NCPC Strategies

Digital Technology Study

Despite tremendous potential for technology to aid in the advancement of health equity, our prior research1 has identified gaps in technology adoption that impact high disparity populations.

To address these gaps, the National Center for Primary Care (NCPC) at Morehouse School of Medicine is examining the adoption and use of digital health tools by primary care clinicians (Family Medicine, General Internal Medicine, General Practice, Pediatrics, or OB/GYN specialized physicians, nurse practitioners, physician assistants, and certified nurse midwives) in four southeastern states: Georgia, Kentucky, North Carolina and Tennessee.

We are prioritizing clinicians serving underserved communities in the southeast region due to the prevalent health disparities and poor health outcomes experienced by residents of these communities, with a particular focus on diabetes and maternal morbidity and mortality.

Our research strategy consists of the NCPC Digital Health Tool survey and focus groups of primary care clinicians working in the states of interest. We will also be conducting key informant interviews with policymakers, leadership, administrators, and staff in small practices and rural hospitals and conducting an environmental scan of the policy and system-level factors in each state to identify the facilitators and barriers to utilization of digital health tools in practice.

The following data is an early look at results from surveys completed as a results of this study. The data from these surveys were completed between October 2019 and January 2021.

 

  • Multi-color doughnut graph detailing the percentage of surveys taken by state of interest.
  • Multi-colored graphic detailing rate of digital health tools study participants results by specialty.
  • Survey results regarding use of digital health tools in the last 5 years in the practice.
  • Survey results regarding the factors that posed barriers to adoption of digital health tools.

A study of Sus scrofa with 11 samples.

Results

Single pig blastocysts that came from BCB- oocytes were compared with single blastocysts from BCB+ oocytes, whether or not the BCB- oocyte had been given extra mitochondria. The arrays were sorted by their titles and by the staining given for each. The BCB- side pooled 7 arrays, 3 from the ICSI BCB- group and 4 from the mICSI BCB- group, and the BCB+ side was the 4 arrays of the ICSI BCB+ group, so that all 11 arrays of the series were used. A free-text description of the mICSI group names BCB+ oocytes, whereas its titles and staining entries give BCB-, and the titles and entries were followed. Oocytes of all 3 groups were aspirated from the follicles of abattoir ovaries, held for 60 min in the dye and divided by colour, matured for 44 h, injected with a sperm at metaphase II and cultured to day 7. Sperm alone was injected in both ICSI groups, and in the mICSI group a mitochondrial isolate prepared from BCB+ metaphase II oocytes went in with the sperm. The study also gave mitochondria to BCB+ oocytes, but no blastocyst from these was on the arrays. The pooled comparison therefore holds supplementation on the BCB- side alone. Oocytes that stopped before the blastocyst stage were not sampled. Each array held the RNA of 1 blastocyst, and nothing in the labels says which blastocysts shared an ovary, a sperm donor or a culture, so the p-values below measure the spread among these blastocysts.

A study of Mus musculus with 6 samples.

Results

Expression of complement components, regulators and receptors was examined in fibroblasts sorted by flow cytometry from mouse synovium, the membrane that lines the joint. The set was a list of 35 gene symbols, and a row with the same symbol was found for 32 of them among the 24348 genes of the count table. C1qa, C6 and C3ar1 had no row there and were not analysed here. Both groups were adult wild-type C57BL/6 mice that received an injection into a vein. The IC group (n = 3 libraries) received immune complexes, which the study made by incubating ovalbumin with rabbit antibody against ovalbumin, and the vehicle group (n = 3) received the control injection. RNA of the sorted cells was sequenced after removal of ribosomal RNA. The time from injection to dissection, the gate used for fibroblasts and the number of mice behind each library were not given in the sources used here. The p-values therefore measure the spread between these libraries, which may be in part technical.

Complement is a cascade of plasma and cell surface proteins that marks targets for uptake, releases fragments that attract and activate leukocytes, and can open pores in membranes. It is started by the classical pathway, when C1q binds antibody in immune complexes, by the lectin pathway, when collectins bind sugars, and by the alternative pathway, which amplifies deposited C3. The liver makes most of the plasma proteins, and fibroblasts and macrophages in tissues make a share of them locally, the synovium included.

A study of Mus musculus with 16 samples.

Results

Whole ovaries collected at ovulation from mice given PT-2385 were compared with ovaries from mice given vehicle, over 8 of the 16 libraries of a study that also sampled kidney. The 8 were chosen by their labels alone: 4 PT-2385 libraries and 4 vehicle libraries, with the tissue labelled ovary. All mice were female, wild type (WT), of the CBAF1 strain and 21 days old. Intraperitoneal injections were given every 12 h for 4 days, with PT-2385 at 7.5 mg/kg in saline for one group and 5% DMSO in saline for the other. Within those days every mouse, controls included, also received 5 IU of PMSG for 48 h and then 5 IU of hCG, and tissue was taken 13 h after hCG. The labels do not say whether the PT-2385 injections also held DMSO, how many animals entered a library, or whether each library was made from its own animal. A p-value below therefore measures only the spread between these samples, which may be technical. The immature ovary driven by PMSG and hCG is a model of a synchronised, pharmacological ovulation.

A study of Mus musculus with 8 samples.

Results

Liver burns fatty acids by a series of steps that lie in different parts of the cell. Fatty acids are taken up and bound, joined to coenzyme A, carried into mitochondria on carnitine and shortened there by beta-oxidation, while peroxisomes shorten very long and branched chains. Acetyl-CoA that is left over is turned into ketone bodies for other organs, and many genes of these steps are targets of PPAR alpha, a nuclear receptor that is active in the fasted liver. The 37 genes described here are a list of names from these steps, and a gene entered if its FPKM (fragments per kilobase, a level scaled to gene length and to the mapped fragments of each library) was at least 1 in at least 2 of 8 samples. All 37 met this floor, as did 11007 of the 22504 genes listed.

• Results of the use of digital health tools during the COVID-19 pandemic.
  • Describes the area of medicine the telemedicine is or is planned to be used.
  • Results of the survey question that measures if the clinician is first using telehealth for the first time during the cOVID-19 pandemic.
  • Describes tools used or planned to use in practices.

Are you not a Primary Care clinician? We still want to partner with you! Whether you are a clinician in our study, a clinician outside our focus areas, or an associate, you can help spread the word about our study. For partnership opportunities, please contact Denita Walston, MS at dhtsncpc@msm.edu.

DIGITAL HEALTH TOOLS STUDY: MATERIALS

State Health Equity GA State Health Equity KY State Health Equity NC State Health Equity TN

  

This program is funded in partnership with the United Health Foundation.

United Health Foundation


1Mack D, Zhang S, Douglas M, Sow C, Strothers H, Rust G. Disparities in Primary Care EHR Adoption Rates. J Health Care Poor Underserved. 2016 Feb;27(1):327-338.

Douglas MD, Xu J, Heggs A, Wrenn G, Mack DH, Rust G. Assessing Telemedicine Utilization by Using Medicaid Claims Data. Psychiatr Serv. 2017 Feb 1;68(2):173-178.

Douglas MD, Dawes DE, Holden KB, Mack D. Missed policy opportunities to advance health equity by recording demographic data in electronic health records. Am J Public Health. 2015 Jul;105 Suppl 3:S380-8.